Today I’m looking at three newsmakers in Tuesday trade.

Profit warning

Shares in Crossrider (LSE: CROS) have fallen off a cliff on Tuesday following a terrifying trading update.

The firm — which designs advertising platforms for digital devices — has slumped 27% after warning that “structural changes… have negatively impacted on the outlook for future trading.”

Crossrider noted that “mobile revenue growth rates have declined significantly,” particularly from mobile subscription campaigns due to regulatory changes in some countries. And revenues from web app advertising “is significant and notably faster than previously expected,” the tech play added.

Crossrider now expects revenues and EBITDA to collapse 25% from 2015 levels, it advised.

City expectations for a 6% earnings rise have now been put to the sword, making a P/E ratio of 10.5 times look suddenly expensive. I reckon investors should give Crossrider short shrift given the massive shifts across its key markets.

Revving higher

Car dealership Lookers (LSE: LOOK) has suffered no such worries in Tuesday trade, the business recently dealing 8% higher following perky first-quarter numbers.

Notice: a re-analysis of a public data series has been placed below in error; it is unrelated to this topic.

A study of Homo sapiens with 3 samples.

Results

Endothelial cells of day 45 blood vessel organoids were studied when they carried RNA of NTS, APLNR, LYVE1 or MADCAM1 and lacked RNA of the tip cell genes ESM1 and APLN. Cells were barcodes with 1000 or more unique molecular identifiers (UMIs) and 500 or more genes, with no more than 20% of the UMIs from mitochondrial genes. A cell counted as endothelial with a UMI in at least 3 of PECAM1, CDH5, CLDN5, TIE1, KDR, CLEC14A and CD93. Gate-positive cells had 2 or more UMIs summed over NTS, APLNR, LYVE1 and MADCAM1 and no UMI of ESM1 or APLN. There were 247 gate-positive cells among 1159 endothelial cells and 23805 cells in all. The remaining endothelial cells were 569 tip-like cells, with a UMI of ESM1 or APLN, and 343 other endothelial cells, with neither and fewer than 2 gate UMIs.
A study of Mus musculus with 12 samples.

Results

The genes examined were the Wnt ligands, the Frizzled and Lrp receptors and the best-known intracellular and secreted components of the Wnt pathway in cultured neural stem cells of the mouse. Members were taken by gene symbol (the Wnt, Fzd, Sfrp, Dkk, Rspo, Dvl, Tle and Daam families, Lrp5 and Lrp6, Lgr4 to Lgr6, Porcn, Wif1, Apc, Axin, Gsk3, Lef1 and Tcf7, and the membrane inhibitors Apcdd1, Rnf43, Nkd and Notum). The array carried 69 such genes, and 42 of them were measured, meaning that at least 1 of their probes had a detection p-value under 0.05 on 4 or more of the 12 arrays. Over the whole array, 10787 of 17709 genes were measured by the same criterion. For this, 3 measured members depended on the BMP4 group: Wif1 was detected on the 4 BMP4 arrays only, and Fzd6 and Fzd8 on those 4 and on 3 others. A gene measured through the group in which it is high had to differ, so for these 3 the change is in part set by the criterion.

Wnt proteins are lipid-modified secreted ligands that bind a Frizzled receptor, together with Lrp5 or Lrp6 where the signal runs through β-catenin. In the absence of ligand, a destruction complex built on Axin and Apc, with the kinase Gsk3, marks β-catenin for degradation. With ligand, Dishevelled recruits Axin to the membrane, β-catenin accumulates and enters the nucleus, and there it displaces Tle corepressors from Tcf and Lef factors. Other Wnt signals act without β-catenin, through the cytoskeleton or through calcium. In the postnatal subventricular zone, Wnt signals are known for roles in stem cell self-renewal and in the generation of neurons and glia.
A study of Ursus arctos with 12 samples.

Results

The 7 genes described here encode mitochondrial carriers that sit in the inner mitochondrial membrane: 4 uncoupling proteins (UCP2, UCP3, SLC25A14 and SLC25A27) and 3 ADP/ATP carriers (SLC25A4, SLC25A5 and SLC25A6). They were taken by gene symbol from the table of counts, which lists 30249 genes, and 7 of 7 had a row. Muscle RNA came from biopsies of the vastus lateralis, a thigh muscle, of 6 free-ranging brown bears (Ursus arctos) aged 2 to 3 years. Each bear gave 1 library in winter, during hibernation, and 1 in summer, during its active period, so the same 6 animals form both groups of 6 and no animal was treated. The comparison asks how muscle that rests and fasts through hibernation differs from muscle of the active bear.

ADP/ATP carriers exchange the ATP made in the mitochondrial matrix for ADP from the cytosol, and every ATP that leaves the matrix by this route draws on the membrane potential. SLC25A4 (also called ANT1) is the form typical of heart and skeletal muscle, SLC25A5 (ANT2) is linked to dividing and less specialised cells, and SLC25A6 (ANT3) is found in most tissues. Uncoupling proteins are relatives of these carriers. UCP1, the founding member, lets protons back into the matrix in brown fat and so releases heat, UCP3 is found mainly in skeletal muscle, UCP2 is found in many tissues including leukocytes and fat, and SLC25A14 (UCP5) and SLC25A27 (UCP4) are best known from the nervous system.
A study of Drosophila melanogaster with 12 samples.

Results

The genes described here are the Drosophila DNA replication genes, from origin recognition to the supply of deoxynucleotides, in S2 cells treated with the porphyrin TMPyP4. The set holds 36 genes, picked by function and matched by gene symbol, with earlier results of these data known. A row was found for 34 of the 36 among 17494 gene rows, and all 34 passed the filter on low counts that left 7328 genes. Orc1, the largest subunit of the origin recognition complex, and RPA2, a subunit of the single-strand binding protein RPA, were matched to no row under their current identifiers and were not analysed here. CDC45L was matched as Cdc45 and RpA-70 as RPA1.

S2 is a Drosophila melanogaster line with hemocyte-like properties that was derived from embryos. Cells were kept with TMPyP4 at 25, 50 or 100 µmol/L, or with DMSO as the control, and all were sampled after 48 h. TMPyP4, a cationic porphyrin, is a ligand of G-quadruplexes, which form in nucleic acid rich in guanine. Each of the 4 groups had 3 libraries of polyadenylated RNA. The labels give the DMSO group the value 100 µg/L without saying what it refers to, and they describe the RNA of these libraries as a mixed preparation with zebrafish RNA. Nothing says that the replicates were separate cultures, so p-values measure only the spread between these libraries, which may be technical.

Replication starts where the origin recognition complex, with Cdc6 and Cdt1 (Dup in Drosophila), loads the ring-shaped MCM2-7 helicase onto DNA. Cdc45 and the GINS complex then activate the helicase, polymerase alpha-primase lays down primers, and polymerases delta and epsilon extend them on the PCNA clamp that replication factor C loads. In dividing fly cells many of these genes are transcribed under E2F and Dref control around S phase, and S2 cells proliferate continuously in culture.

Lookers enjoyed “continued improvements in all areas of the business” during January-March, it advised, with gross profits from sales of new and used cars rising 23% from the corresponding 2015 period. On a like-for-like basis, new and second-hand vehicle demand rose 5% and 7%, respectively.

On top of this, Lookers also benefitted from bubbly aftermarket activity during the quarter. Gross profits here advanced 25% between January and March, or 7% on an underlying basis.

And the impact of a stable UK economy on car demand should keep sales at Lookers ticking skywards, in my opinion. New vehicle sales enjoyed their best April since 2003 last month, according to the Society of Motor Manufacturers and Traders.

The number crunchers expect earnings at Lookers to climb 7% in 2016, resulting in a P/E rating of just 8 times. I reckon this is a steal given the company’s terrific momentum.

Video player

Shares in tech play Blinkx (LSE: BLNX) have also bounced higher in Tuesday business, the company last dealing 19% higher on the day.

Blinkx — which generates revenues by allowing digital users to find videos more easily — saw pre-tax losses surge to $94.3m in the period to March 2016 from $24.8m a year earlier.

The company saw revenues slip to $166.7m from $215m in 2015 as the impact of non-core asset-shedding weighed. And a colossal $81m worth of one-off charges also contributed heavily to Blinkx’s pre-tax loss.

Blinkx is clearly making progress in transforming itself into a programmatic platform builder, the development of its RhythmOne product helping drive revenues here 68% higher in 2016.

But the company’s restructuring programme still has plenty to deliver before bumping the firm back into the black. Indeed, the City expects the firm to clock up further losses in fiscal 2017. Regardless of today’s handsome share price bump, I believe Blinkx remains a very high-risk selection.